When the PlayStation 1 launched in the West in 1995, it not only provided players with hours upon hours of entertainment thanks to its library of impressive video games but also came with the ability to play CDs, giving fans yet another reason to love Sony's little grey box.
For many retro collectors, it's a feature that probably doesn't mean all that much nowadays, with most people simply turning to streaming services like Spotify and Apple Music to listen to their favourite tunes. However, according to a recent feature from the audio publication WhatHiFi, there is a small group of audiophiles who have been seeking out and modifying early PS1 consoles (specifically the SCPH-1001 and SCPH-1002 models) to use as a cheap and easy way to play through their CD collection, swearing that the machine has a surprisingly smooth sound for its price point.
Some of the modifications covered in the feature include adding things like custom clear lids to see the disc spinning and even going so far as to transform the console itself into an integrated amplifier.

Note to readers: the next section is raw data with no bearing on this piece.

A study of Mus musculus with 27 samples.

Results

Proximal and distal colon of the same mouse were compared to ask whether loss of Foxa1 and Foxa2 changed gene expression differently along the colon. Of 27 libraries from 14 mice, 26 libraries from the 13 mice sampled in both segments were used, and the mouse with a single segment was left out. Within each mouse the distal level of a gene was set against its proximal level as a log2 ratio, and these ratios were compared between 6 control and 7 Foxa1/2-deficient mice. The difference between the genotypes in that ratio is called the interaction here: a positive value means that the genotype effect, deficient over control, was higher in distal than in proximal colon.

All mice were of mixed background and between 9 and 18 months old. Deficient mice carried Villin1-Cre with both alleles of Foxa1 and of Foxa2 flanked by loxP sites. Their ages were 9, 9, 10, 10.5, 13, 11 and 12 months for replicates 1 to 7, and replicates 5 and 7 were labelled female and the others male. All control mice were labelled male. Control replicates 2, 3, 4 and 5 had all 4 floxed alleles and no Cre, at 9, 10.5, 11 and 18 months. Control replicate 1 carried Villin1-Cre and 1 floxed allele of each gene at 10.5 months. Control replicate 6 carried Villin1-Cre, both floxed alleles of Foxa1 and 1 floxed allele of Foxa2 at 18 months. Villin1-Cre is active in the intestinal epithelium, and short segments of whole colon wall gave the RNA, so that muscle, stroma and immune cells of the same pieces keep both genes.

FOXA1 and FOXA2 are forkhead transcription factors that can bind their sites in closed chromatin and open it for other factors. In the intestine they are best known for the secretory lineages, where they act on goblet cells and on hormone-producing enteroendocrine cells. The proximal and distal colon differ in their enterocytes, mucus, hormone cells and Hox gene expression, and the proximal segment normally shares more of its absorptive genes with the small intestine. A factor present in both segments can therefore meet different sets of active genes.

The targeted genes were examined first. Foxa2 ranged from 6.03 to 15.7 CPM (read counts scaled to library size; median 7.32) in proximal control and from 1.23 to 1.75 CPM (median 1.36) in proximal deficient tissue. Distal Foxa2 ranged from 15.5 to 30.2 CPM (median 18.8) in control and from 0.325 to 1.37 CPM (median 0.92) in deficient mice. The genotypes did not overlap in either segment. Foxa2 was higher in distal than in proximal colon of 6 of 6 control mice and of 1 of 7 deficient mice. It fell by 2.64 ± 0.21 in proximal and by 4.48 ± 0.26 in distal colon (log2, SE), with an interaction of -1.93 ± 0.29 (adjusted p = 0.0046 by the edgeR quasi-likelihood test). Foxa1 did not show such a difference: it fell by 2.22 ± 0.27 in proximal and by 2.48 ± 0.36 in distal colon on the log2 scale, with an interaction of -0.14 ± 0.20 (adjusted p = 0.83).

WhatHiFi's Ainsley Walker reasons that people are opting for these original models over later versions of the console because of "its different internal components as well as [its] RCA audio outputs", which allow it to be easily incorporated into an audiophile's existing setup. They also argue that some users believe these earlier machines use a higher quality digital-to-analog converter (DAC) than later models.
The idea of the PlayStation being an underrated CD player comes up quite a bit in audio spaces, with audiophiles constantly finding themselves in disagreement over how much of the reaction is based on facts relative to nostalgia. Nevertheless, it's incredible to see the hardware finding a dedicated community outside of the expected audience.